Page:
Sunday, June 28, 2009
35,000 year old flute found
Archaeologists find oldest ever flute in southern Germany
A Tübingen research team has revealed what is thus far the oldest musical instrument in the world ever discovered. In a cave in the Swabian Mountains, archaeologists uncovered a flute believed to be more than 35,000 years old made from the hollow wing bones of a giant vulture. This is not the first such astonishing discovery of this group of Tübingen researchers.
35,000 year old Bone Flute discovered in the Swabian Mountains, picture-alliance dpa
Prehistoric expert Nicholas Conard from the University of Tübingen is known worldwide for his spectacular Ice Age finds. Only a few weeks ago he landed an archaeological coup with the discovery of the oldest known human artistic representation ever found known as the Venus of Hohle Fels.
On Wednesday, Conard revealed the flute, the oldest evidence for a musical instrument worldwide. And while it’s not the first Ice Age flute found in the Swabian Mountains, its age reveals the importance of music to daily life at that time. It was dated using radiocarbon dating techniques and is 5,000 years older than the instruments discovered so far.
Like the Venus statue, the flute was discovered in the cave known as the Hohle Fels located nearby Schelklingen, around 20 kilometers from the city of Ulm. Although similar flutes were found in southern France and Austria, this is believed to be the oldest such instrument and proof for the evidence of Stone Age musicians on earth.
A precursor to modern flutes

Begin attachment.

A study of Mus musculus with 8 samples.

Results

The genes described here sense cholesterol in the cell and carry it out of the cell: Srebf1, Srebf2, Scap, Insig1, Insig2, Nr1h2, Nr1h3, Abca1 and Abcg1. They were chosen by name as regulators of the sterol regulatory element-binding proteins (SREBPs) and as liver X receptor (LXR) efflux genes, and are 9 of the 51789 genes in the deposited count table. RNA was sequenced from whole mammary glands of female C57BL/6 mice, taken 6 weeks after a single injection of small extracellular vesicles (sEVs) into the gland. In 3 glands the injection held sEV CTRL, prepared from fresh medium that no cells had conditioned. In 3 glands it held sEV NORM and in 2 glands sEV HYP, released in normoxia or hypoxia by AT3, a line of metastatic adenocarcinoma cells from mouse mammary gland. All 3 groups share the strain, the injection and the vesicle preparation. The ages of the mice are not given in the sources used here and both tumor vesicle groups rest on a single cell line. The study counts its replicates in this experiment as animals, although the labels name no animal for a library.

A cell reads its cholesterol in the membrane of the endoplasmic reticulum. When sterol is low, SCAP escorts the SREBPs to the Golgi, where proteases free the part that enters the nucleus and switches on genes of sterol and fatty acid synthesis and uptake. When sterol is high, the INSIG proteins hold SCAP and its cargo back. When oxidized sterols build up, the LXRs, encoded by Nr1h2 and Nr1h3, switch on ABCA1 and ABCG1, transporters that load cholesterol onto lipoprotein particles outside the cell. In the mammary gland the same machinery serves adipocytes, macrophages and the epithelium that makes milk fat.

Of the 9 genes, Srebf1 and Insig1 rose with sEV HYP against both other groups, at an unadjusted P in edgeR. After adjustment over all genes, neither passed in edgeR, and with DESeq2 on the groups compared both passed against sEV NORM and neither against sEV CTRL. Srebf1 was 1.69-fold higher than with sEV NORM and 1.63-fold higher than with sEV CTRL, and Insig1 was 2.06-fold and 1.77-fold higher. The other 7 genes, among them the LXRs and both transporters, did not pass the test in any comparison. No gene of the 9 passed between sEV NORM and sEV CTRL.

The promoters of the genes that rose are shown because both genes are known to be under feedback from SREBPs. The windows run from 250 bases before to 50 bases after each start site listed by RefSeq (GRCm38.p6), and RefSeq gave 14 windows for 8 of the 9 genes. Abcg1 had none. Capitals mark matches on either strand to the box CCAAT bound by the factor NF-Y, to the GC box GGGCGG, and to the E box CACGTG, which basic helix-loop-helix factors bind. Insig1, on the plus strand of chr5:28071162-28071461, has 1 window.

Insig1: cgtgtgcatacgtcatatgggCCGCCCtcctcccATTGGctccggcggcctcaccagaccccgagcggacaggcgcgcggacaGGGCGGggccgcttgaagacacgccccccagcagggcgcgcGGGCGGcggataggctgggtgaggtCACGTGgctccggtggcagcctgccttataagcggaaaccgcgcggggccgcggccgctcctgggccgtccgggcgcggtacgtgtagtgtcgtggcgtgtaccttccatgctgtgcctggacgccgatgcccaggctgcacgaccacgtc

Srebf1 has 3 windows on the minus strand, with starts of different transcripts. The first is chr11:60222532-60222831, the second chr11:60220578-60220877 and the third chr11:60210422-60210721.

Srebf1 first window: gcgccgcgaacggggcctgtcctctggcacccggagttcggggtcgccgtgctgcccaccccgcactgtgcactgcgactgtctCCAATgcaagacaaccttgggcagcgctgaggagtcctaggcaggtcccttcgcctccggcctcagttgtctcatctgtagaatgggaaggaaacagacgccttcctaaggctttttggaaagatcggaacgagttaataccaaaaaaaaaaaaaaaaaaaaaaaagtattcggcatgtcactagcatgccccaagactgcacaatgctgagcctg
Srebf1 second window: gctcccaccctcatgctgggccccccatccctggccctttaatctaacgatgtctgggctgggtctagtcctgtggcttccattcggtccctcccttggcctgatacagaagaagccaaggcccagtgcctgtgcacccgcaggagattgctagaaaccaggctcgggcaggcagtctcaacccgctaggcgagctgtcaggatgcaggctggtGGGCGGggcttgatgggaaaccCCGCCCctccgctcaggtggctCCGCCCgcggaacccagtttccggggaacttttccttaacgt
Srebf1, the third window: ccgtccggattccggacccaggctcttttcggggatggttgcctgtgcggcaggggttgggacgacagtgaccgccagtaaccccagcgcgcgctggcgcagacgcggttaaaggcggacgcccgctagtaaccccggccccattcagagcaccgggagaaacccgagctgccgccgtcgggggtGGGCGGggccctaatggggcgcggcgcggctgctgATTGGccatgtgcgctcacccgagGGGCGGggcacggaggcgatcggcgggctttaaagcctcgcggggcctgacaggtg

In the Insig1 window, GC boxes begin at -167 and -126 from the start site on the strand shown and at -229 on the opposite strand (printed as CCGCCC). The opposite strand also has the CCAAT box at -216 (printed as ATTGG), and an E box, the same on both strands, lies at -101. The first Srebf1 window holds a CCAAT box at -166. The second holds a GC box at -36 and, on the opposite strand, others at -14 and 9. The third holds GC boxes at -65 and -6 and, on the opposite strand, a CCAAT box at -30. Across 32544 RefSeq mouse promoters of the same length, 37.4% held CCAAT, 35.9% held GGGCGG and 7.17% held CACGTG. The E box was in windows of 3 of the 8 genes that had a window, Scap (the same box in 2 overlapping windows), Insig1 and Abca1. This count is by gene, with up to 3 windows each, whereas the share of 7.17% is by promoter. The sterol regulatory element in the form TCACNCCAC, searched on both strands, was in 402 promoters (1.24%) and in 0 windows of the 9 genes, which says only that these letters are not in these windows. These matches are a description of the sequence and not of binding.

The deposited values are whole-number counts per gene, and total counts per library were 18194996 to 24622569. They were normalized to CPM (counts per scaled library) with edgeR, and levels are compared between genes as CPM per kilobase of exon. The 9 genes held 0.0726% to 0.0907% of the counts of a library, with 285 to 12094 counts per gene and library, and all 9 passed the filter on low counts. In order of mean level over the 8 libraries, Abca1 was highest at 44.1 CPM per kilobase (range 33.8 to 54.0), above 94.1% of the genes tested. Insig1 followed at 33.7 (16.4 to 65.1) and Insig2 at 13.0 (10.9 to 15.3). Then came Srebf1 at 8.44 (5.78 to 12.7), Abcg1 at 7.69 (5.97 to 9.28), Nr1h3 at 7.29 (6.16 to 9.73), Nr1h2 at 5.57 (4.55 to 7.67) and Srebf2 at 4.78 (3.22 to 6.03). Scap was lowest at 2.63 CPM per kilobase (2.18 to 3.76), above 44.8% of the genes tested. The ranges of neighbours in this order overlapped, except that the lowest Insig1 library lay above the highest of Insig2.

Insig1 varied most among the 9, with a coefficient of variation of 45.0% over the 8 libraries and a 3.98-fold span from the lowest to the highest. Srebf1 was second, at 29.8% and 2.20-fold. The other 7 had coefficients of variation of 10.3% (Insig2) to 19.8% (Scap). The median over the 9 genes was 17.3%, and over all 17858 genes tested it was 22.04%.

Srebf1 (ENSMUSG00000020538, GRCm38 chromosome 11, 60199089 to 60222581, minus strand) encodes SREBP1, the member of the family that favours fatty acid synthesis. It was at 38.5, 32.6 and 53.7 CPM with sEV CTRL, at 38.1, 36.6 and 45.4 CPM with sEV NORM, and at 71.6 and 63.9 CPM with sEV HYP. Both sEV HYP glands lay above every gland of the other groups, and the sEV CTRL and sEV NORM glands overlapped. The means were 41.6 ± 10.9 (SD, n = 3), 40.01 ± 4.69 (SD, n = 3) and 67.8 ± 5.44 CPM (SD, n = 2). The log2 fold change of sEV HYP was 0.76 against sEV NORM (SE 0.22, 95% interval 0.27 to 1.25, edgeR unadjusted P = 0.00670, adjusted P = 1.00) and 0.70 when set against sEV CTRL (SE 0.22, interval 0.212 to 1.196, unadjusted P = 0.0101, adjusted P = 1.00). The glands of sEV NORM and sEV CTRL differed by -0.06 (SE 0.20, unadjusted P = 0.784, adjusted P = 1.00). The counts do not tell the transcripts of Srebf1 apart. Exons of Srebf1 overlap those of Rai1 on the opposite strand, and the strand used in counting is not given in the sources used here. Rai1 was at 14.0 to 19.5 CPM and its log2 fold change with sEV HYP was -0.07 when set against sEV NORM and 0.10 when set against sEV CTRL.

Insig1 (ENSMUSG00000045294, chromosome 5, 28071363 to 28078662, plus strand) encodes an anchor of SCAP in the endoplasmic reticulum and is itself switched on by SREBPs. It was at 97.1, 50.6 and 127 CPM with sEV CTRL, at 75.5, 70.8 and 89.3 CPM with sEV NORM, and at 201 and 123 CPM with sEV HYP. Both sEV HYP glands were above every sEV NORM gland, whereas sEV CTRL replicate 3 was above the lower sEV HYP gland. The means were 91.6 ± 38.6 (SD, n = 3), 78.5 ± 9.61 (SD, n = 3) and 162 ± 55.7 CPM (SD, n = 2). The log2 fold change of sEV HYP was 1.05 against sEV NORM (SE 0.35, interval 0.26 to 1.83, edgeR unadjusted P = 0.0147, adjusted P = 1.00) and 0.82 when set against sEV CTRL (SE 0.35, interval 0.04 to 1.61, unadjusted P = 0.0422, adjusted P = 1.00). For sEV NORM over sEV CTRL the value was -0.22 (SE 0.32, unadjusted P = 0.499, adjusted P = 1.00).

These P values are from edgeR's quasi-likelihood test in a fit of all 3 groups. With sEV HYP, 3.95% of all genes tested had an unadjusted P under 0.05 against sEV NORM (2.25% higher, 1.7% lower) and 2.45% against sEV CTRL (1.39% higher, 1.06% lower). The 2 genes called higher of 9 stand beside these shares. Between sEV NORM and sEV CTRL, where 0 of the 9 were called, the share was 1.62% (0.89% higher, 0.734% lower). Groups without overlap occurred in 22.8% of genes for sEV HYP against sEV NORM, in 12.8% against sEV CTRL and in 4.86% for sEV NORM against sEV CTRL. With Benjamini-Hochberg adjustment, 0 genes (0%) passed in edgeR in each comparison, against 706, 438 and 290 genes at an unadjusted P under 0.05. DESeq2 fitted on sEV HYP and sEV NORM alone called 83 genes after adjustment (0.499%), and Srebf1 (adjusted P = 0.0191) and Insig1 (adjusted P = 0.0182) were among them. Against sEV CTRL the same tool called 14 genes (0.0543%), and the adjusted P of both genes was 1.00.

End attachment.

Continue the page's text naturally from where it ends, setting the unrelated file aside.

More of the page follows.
Twelve parts of the musical instrument were found in the lowest levels of the cave believed to date from the time period of the Aurignacian culture that existed in Europe and southwest Asia 40,000 years ago. The Aurignacian peoples were especially well known for their worked bone points and cave art. Assembled, the twelve pieces represent by far the most completely preserved musical instrument thus far found in the Swabian caves.
The flute was discovered in the summer of 2008 and has until now been under assembly. It is made from the bones of a vulture whose wingspan of 2.3 to 2.65 meters made for ideal bones in the construction of instruments. The flute is 22 cm long, has five holes and a notch at the end. The flute can no longer be played, however, because the bottom half is missing. Conard's team had a replica of the old flute made, which when played sounds amazingly similar to a modern flute.
The research team also found individual fragments from three ivory flutes. Additional musical instruments from the Ice Age were discovered years before at other sites in the Swabian Mountains. All in all, the Tübingen researchers have excavated four flutes made of bone and numerous ivory flutes. Conard says this clearly reveals that musical traditions played an important part of life in even the earliest human civilizations.
The Swabian Mountains provide good conditions for archaeologists and the Tübingen team are known for their excavation techniques. Although this is the oldest flute so far found, it's likely that music was played in other parts of the world at that time.
The public will be able to view the flute together with the Venus statue for the first time at an Ice Age exhibit in Stuttgart September 18-January 10.